Why Computers Will Never Replace Us



I believe we're 40-50 years off from most humans being phased out, with most every task automated. This ridiculous line of thinking that keeps harping on how technology always creates new jobs is coming to its end. Just because something was true in the past does not mean it will always be true in the future. That was mostly based on the fact that technology was still trying to keep pace with humans, but now there is an exponential explosion that seems to be growing faster and faster, and much of the technology is cutting humans out of the equation, simulating skills that were once strictly the purview of humans.

Maybe 300 years from now humans will not be needed at all....

Let's say JR is right and computers will eventually be able to surpass people in everything, even so-called right brain, emotional processing. Will people be obsolete? I doubt it. The economic theory of comparative advantage explains why. Assuming there will still be people, even if the computers are running everything, it will pay for them to let people do what they are relatively better at. There's likely to be a higher opportunity cost for computers to do more intuitive analysis for which human brain-body system has evolved and concentrate on tasks at which their abilities are an even high-multiple than people's. In the case of computers and people, as I suggested about IBM's Watson and Jeopardy! there will always be elements of tacit knowledge and common sense that will be extremely expensive to achieve electronically. In fact, as impressive as Watson's replies were, it missed a question that was relatively easy for human common sense. So even if, for example, computers surpass physicians on diagnostic reasoning, it will be cheaper, more effective, and safer to have their judgment double-checked by a real doctor. One possible result of the growth of computer intelligence might be, in fact, that human professionals will spend relatively more time developing the intuitive side of their work. Which was one of the points of the computing pioneer Norbert Wiener in the 1950s.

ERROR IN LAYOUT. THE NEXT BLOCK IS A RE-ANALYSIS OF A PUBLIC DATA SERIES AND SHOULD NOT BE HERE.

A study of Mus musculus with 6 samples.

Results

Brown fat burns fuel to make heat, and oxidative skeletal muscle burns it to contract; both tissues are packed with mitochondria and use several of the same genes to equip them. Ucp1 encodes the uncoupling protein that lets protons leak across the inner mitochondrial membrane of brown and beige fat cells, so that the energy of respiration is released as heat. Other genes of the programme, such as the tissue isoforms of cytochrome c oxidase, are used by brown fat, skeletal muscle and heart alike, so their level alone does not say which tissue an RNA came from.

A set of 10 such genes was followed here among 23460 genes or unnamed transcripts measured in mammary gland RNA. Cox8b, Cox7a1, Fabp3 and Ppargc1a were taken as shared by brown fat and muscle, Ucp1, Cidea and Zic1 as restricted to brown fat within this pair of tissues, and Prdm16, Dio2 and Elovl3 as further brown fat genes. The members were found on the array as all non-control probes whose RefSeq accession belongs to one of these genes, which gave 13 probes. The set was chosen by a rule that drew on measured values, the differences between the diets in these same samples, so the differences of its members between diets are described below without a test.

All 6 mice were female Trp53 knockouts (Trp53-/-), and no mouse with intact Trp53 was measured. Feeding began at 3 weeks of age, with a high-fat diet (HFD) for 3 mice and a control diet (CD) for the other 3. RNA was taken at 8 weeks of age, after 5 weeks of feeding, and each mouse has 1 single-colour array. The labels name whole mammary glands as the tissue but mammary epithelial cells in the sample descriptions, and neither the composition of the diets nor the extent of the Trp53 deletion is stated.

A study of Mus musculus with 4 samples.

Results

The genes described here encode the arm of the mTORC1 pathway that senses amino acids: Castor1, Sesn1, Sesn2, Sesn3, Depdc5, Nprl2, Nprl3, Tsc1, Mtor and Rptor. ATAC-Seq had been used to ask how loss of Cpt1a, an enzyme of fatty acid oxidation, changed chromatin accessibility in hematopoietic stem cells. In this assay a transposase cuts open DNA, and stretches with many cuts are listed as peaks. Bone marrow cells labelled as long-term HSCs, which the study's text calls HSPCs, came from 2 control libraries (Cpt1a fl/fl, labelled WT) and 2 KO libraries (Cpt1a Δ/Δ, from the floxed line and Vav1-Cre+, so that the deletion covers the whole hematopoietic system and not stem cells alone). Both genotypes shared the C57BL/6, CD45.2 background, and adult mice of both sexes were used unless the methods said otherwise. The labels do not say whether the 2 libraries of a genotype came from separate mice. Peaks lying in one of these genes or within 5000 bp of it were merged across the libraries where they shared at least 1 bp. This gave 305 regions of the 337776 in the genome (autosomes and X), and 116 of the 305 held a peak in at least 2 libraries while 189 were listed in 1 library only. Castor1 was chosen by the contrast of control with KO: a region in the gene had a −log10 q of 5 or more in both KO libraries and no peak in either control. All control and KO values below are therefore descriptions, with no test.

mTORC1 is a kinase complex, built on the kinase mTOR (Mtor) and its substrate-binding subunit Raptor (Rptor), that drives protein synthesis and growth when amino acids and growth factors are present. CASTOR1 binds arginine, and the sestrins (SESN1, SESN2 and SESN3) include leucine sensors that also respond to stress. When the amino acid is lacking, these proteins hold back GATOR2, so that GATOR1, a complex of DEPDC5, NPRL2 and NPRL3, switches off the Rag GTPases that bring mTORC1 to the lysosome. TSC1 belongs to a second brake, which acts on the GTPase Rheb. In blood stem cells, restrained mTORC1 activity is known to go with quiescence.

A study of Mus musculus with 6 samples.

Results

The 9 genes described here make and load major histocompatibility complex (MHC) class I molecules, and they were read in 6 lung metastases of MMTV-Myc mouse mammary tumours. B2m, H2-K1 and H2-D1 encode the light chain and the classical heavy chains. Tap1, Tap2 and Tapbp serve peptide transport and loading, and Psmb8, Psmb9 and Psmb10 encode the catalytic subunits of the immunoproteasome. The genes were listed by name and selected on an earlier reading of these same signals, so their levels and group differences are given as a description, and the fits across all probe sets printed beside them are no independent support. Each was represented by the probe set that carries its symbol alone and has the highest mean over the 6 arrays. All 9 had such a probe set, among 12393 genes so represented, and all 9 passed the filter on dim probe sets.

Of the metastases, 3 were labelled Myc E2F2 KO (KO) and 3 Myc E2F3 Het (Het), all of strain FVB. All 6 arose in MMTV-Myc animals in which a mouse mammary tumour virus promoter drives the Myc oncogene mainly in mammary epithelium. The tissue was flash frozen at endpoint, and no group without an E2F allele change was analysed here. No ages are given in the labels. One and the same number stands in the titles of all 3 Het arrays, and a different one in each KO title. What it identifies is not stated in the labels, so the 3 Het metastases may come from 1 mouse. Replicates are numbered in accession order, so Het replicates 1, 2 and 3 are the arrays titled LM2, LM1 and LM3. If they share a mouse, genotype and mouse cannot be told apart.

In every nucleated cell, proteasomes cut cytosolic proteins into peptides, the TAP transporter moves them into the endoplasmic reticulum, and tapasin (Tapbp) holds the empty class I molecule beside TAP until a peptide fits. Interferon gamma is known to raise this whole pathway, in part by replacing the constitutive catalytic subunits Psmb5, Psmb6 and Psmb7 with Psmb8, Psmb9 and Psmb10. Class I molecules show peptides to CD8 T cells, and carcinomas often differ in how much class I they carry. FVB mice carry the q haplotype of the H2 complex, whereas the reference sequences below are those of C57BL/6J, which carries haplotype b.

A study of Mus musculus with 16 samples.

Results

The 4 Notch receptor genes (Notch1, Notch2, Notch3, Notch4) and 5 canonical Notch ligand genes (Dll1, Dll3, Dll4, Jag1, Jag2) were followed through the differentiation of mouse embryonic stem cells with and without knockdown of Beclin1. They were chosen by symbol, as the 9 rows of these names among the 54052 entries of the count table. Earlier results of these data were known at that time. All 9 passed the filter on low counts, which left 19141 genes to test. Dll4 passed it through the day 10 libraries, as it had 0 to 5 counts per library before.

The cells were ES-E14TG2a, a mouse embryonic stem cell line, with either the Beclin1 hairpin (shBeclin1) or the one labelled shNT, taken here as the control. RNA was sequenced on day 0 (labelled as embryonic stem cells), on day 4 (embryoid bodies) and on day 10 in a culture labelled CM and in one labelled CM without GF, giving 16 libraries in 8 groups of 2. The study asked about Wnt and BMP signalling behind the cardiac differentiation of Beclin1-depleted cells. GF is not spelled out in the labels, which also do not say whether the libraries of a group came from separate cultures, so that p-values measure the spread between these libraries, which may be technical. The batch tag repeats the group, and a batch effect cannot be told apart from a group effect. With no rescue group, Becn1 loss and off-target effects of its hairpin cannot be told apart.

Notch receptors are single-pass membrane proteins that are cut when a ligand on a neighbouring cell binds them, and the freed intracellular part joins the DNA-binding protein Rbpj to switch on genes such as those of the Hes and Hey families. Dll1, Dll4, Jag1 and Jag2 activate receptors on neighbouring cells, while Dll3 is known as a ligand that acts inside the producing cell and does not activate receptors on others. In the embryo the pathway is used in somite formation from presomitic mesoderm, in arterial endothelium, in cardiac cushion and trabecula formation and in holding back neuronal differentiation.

Edward Tenner is an independent writer and speaker on the history of technology and the unintended consequences of innovation. He holds a Ph.D. in European history from the University of Chicago and was executive editor for physical science and history at Princeton University Press. A former member of the Harvard Society of Fellows and John Simon Guggenheim fellow, he has been a visiting lecturer at Princeton and has held visiting research positions at the Institute for Advanced Study, Woodrow Wilson International Center for Scholars, and the Princeton Center for Information Technology Policy. He is now an affiliate of the Center for Arts and Cultural Policy of Princeton's Woodrow Wilson School. He was a founding advisor of Smithsonian's Lemelson Center, where he remains a senior research associate.